Since its advent in 2009, search engine Shodan has sparked a fair amount of attention - most of it negative. Shodan is the device-focused search engine that discovers things like elementary school HVAC settings, in-home security cameras, Caterpillar trucks and crematorium systems online. It makes sense that there would be concern about so many devices and systems being accessible over the public-facing Internet. And when researchers demonstrate how oil platforms and medical devices could be targets of malicious attack, these concerns understandably heighten.
But is Shodan deserving of tags like "terrifying," "scariest," or "dangerous?" When John Matherly, the developer of Shodan, talks about his creation, it's pretty evident that its value is greater than its scary reputation suggests. As researchers and ICS-CERT use Shodan, they are unearthing gaps - sometimes critical ones - in our security structures. Gaining visibility into what unattended devices can be found on the public-facing Internet is fundamental to developing a global security strategy for the Internet of things.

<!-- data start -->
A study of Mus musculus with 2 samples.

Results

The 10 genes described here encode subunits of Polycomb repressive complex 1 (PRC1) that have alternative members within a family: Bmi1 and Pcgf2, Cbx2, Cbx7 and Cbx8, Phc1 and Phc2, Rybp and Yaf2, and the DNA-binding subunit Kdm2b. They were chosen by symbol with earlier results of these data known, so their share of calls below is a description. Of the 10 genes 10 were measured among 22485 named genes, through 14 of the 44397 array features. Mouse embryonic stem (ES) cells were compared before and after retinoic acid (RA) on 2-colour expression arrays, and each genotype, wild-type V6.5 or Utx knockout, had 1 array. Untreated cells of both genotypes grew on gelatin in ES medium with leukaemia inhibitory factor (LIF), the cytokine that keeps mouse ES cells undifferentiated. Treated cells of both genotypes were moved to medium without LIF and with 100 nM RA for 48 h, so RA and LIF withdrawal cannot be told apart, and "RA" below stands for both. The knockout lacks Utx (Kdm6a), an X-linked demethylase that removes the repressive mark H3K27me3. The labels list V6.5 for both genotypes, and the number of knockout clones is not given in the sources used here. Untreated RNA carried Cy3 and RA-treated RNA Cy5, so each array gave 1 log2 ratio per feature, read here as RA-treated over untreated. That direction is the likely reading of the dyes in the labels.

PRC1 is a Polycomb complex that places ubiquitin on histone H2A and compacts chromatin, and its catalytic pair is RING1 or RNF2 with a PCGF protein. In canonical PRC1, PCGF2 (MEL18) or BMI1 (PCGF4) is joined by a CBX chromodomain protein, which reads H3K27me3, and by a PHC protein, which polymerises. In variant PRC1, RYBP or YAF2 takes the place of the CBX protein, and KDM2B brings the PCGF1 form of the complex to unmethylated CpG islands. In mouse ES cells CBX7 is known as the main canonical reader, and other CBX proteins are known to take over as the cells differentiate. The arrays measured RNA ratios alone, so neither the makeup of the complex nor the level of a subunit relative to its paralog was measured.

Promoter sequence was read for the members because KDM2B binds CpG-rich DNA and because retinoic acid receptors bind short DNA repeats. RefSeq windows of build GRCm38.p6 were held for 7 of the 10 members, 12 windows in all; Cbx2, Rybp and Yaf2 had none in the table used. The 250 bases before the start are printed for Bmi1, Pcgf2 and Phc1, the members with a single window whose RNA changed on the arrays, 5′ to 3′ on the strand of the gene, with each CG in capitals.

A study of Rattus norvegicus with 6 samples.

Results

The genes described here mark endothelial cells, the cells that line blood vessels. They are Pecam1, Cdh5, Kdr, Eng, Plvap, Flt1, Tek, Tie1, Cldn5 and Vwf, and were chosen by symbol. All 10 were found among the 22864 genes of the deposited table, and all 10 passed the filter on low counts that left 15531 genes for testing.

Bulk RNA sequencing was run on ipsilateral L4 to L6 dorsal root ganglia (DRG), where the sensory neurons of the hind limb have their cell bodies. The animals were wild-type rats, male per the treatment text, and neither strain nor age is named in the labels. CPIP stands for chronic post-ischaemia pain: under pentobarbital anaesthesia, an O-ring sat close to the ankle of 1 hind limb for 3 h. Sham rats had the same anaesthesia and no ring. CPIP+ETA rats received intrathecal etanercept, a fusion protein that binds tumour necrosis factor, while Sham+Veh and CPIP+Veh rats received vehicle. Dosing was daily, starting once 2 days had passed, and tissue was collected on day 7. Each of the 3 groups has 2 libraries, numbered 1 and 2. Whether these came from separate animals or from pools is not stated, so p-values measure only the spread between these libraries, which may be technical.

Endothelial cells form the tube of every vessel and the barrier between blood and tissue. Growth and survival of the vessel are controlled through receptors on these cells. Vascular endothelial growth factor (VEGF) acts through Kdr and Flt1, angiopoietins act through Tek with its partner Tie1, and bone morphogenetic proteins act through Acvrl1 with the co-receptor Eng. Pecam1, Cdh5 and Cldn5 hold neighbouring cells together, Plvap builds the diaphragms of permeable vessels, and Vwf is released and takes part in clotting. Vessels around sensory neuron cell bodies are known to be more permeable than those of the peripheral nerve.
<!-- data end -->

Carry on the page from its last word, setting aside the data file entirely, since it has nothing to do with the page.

And the fixes are coming online. At Netop, we're developing solutions that enable access to unattended devices while simultaneously concealing them from Shodan and other search engines. You don't need to sacrifice security to gain access. As part of a multi-layer security strategy, Netop's machine-to-machine access solutions are the remedy to Shodan-induced paranoia.
View Matherly's interview with Bloomberg below.
And check out Shodan here - if it isn't down due to too much traffic.